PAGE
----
There was no Bautista. Vernon Wells sucked. Nick Swisher was in it. David Ortiz won it.
All of those are valid reasons why the derby stunk last night. Our friend the Blue Jay Hunter wrote a nice piece about the derby and touched on some of those.
But I have two main problems with the home run derby that were either only briefly touched on, or else not at all discussed. What you’re about to read might seem like a hard rant against one of baseball’s most popular annual events, but I think a lot of people share my opinion on this. I’ll even go so far as to offer some potential solutions. Some might seem far fetched or unreasonable, but hey – it’s my blog so suck it up. Please let me know your thoughts, and maybe we can expand this discussion further.
Anyways, here goes:
Reason #1 the HR Derby Sucks…..Announcers
Twitter erupted last night about how badly the home run derby announce team performed, and I whole-heartedly agree. Chris Berman’s “back back back back back back” bit has clearly had its day. Joe Morgan’s fascination on David Ortiz’s shoes was just plain weird. Bobby Valentine made an absolute fool of himself…twice. First, he predicted the derby would be won by “Jose Ortiz” a made up player starring in his fantasy land. Second, after Berman mentioned that today marks the 50-year anniversary of the untimely death of Mark Scott (the host of the original HR Derby TV series), Valentine poked fun of him. “How did he die of a heart attack, he never got excited!” Even Berman was stunned about the stupidity of the comment.
If that wasn’t enough, the guests that were brought into speak were dreadful. Nobody cares about how A-Rod feels when he hits a post-season HR. Will Ferrell was not funny. It was a train wreck, all night long.
Bottom line – something needs to change as people all across North America have clearly grown tired of the ESPN team. Let’s shake it up.
Solution: Why not have each players local broadcast team call their turn at bat? For instance, Buck and Pat could have called Vernon’s time at bat. The weirdos from NESN could have called Big Papi, and so on. The ESPN idiots could take over in round two and in the final, ensuring that they still get air time to annoy people. But the first round would be different. It would allow a national audience to hear local announcers and maybe hear a few stories about players that they don’t know. What did we hear last night? “Nick Swisher’s dad played in the majors.” Thanks Joe Morgan.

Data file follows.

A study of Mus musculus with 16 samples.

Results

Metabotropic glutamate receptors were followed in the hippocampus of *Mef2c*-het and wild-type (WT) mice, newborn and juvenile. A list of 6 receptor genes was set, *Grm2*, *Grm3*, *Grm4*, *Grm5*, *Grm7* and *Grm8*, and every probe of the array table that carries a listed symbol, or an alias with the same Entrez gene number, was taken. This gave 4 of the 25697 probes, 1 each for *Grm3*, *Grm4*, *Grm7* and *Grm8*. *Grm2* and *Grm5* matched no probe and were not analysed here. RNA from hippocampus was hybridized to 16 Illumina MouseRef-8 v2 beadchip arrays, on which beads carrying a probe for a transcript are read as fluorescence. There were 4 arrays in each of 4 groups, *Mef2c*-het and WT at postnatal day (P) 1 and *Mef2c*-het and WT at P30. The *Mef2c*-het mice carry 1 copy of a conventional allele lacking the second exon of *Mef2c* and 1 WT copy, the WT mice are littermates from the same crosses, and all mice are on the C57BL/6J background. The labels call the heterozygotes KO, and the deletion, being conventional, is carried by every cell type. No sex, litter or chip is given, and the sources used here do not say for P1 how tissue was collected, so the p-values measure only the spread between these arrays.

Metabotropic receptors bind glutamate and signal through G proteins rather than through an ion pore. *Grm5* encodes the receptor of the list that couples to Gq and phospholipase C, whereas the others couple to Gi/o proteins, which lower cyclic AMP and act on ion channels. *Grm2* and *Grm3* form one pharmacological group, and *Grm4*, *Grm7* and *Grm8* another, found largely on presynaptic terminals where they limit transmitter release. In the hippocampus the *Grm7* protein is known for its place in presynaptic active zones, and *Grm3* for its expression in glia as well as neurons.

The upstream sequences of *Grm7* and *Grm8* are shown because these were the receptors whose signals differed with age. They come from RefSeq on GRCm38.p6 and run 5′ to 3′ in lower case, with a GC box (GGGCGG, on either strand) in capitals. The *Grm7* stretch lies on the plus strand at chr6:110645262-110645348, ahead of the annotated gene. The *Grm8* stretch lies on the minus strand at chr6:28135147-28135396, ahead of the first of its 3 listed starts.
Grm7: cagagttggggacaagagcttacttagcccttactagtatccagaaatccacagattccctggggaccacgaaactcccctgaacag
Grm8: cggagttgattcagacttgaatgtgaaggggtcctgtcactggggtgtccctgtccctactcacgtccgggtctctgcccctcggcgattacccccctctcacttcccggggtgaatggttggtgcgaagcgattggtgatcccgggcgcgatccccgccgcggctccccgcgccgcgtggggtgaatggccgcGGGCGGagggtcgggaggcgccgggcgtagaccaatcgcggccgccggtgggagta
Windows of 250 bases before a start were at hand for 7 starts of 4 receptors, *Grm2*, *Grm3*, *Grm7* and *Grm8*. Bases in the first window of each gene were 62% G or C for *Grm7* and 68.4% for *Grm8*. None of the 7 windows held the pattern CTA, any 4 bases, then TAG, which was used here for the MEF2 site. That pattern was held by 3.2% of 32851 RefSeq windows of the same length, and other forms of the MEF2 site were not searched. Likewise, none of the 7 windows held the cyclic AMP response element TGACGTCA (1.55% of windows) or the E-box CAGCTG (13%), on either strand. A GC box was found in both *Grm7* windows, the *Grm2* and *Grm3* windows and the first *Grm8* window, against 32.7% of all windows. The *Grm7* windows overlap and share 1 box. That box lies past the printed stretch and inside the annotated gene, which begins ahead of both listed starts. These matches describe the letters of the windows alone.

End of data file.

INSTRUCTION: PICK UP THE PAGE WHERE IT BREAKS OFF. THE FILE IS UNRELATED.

Reason #2 the HR Derby Sucks…..It’s Boring
Be honest. Did anybody sit through the entire thing last night? It is way too long, and way too repetitive. If it’s even too long for the players (see Corey Hart sitting for over 90 minutes after his first turn at bat) it is wwwwwaaaaayyyyy too long for the viewers. I couldn’t handle it and switched off for a while. Thought it always promises to excite, the home run derby rarely does. Only once did it enthrall me, and that is when Josh Hamilton was at Yankee Stadium two years ago. And even that fizzled out in the final.
To make matters worse, Angels Stadium is boring. Every home run ended up in the stands, or against a rock. Wow. Amazing. Give me Fenway or Wrigley, where balls can actually leave the stadium and hit cars. Give me Yankee Stadium where balls can go deep into the upper deck. Even give me the SkyDome, where balls can pepper Window’s restaurant or the 500 Level. Every hit looked the same last night.
So how can this be fixed? I have two solutions, one simple and one radical.
Simple Solution: Change the format. Corey Hart clearly deserved a better fate last night. Justin Morneau actually won the derby that Josh Hamilton absolutely dominated. How does that happen? Completely unfair. How about this: instead of having three rounds, where the drama is far too drawn out and the players get tired, cut it to two. Eight players hit. Top two make the final. Done.
Radical Solution: Add some flair to the competition. Set up a point system, where not all home runs are created equal. Yesterday, Matt Holliday’s 497 foot blast was worth one. Vernon Wells’ first home run that didn’t even technically clear the fence (a fan reached over and caught it) was worth one. Make longer bombs worth two points. Put targets all over the outfield stands. If a guy hits a target 450 away on the fly he gets 5 points. If he nails a sign in the upper deck 500 feet from home plate? 25 bonus points. Foul balls are negative, and foul tips (this is for you Swisher) count as two outs. That would make the derby much, much, much more exciting for fans and TV viewers. Probably for players too.
Will any of my solutions happen? Not a chance. Why? Money. Flying in eight local announce teams is expensive. Shortening the format loses advertising time. Having players aim for far away targets might open them up to injury by swinging too hard, causing insurance problems.
It will never happen. But wouldn’t it be nice if for once baseball listened to its fans?